The Rubik’s Cube, the iconic brainteaser introduced to the world in 1974 by Ernő Rubik, originated in Hungary. So did the ballpoint pen in 1938; that portable metal tube encasing an internal reservoir of ink is courtesy of László Bíró who grew weary of refilling his fountain pen. And today humanity benefits from holography. Holograms, impossible to duplicate, are instrumental today for security purposes, particularly to help prevent banknote counterfeiting. The science was first discovered by the late physics Nobel Prize winner and Hungarian citizen Dénes Gábor in 1947. This country has produced an astonishing number of geniuses: composers like Béla Bartók (1881-1945) and Ferenc (Franz) Liszt (1811-1886), and physicians like Ignac Semmelweis (1818-1865), who deduced that something not visible to the eye (bacteria) was making pregnant women sick and therefore became known for his advocacy of hand-washing before child delivery. I’m not even surprised anymore when my Hungarian husband points at something mundane and common, but often a necessity for modern life, and says, “Did you know that a Hungarian thought of that?”
Ingenuity is an important part of the country’s pride. The people who live here know that the intellectual and artistic contributions they have made to the world have been significant. We are able to keep our food cool and fresh because Leó Szilárd worked closely with Einstein between 1926 and 1930 to develop the world’s first refrigerator. Thanks to István Győrffy’s work in 1959, those of us who always felt self-conscious and nerdy in our thick, bottle-bottom glasses can wear soft contact lenses. For two generations the United States music industry recorded albums on long-playing microgroove vinyl phonograph discs (otherwise known as LPs), developed by Károly Péter Goldmark in 1948. In 1940 Goldmark also gave us the color television, of which at least one is found in every household in America—and in many cases, found in every room of every household. József Petzval invented opera glasses in 1843, which led to telescope and microscope lenses, as well as binoculars. And the world-famous prize awarded to those people possessing special journalistic, literary and musical merit was established by Hungarian-born József Pulitzer before his death in 1911 and first awarded in 1917.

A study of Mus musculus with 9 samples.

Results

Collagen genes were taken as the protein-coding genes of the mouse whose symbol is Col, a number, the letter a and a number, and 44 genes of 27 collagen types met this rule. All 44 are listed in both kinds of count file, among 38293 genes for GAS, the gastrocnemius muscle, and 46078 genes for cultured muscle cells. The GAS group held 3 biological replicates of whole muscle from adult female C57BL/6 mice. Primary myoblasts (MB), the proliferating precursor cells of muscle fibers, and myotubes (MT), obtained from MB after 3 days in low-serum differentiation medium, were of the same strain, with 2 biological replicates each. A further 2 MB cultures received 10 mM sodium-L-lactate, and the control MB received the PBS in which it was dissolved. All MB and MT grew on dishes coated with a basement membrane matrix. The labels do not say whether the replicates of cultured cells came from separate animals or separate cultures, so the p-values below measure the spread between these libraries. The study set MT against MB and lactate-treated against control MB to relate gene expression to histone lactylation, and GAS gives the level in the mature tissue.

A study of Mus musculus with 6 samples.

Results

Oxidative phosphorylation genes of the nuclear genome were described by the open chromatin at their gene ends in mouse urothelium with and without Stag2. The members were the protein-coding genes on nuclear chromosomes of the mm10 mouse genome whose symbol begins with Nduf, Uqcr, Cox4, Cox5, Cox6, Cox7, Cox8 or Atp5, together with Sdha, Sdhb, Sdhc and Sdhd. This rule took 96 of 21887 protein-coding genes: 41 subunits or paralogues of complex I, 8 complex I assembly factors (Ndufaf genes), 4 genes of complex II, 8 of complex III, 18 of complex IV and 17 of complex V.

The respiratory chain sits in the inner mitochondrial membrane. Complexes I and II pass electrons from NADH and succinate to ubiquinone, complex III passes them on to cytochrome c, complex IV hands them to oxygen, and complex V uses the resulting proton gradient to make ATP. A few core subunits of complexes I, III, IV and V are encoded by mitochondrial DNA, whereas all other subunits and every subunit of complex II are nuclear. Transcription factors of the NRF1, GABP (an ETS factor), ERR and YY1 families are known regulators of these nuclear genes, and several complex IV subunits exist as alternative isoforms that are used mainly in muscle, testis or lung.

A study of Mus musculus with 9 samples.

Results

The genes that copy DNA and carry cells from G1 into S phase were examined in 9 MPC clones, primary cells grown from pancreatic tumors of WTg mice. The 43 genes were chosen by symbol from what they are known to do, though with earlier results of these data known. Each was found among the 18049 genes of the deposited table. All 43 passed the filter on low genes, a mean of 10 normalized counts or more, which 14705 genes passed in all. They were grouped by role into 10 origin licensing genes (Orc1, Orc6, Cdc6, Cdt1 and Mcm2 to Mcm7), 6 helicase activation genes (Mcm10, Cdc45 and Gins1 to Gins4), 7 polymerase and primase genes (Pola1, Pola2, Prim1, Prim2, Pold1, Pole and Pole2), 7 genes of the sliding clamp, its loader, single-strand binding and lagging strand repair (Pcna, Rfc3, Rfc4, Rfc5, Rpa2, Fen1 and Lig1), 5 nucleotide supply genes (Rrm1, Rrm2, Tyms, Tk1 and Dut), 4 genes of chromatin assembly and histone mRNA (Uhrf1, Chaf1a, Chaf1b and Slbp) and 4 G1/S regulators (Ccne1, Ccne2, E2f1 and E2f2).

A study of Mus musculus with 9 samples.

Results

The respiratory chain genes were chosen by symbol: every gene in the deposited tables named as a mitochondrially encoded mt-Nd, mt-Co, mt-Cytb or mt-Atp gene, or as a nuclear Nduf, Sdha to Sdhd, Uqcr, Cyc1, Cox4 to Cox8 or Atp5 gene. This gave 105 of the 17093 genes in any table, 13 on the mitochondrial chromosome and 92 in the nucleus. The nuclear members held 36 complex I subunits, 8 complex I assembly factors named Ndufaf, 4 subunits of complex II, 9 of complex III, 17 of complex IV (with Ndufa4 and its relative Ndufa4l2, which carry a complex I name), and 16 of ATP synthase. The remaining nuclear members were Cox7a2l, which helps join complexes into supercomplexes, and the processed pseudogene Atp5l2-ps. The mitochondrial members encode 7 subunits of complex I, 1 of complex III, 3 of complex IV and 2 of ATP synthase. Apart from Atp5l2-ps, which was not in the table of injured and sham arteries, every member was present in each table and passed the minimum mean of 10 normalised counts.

The list of historical inventions is long, but Hungary also continues to produce a unique wealth of clever ideas. Last decade, Áron Losonczi developed light-transmitting concrete, a combination of concrete and optical fibers (each one of which is pure glass no wider than the width of a human hair). As strong as traditional concrete but semi-transparent, the energy-saving possibilities for high-rise lighting are enormous. The material has even been considered as a protective casing for New York’s Freedom Tower. Also, in 2010, Dániel Rátai created a virtual reality kit called Leonar3Do, allowing users to fashion 3D drawings on the computer and move them around “in the air.” And the Hungarian company iPont has created a screen that allows several people, positioned at different angles from a television, to view images in 3D without glasses.
Hungary is tiny and most people don’t even know where it is. It’s been through a rough patch since the beginning of the 20th century when it was drastically partitioned to a pea size of its former glory. But that hasn’t stopped the people of this country from continuing to do what they have always done. They dream and pioneer, blazing trails. They invent.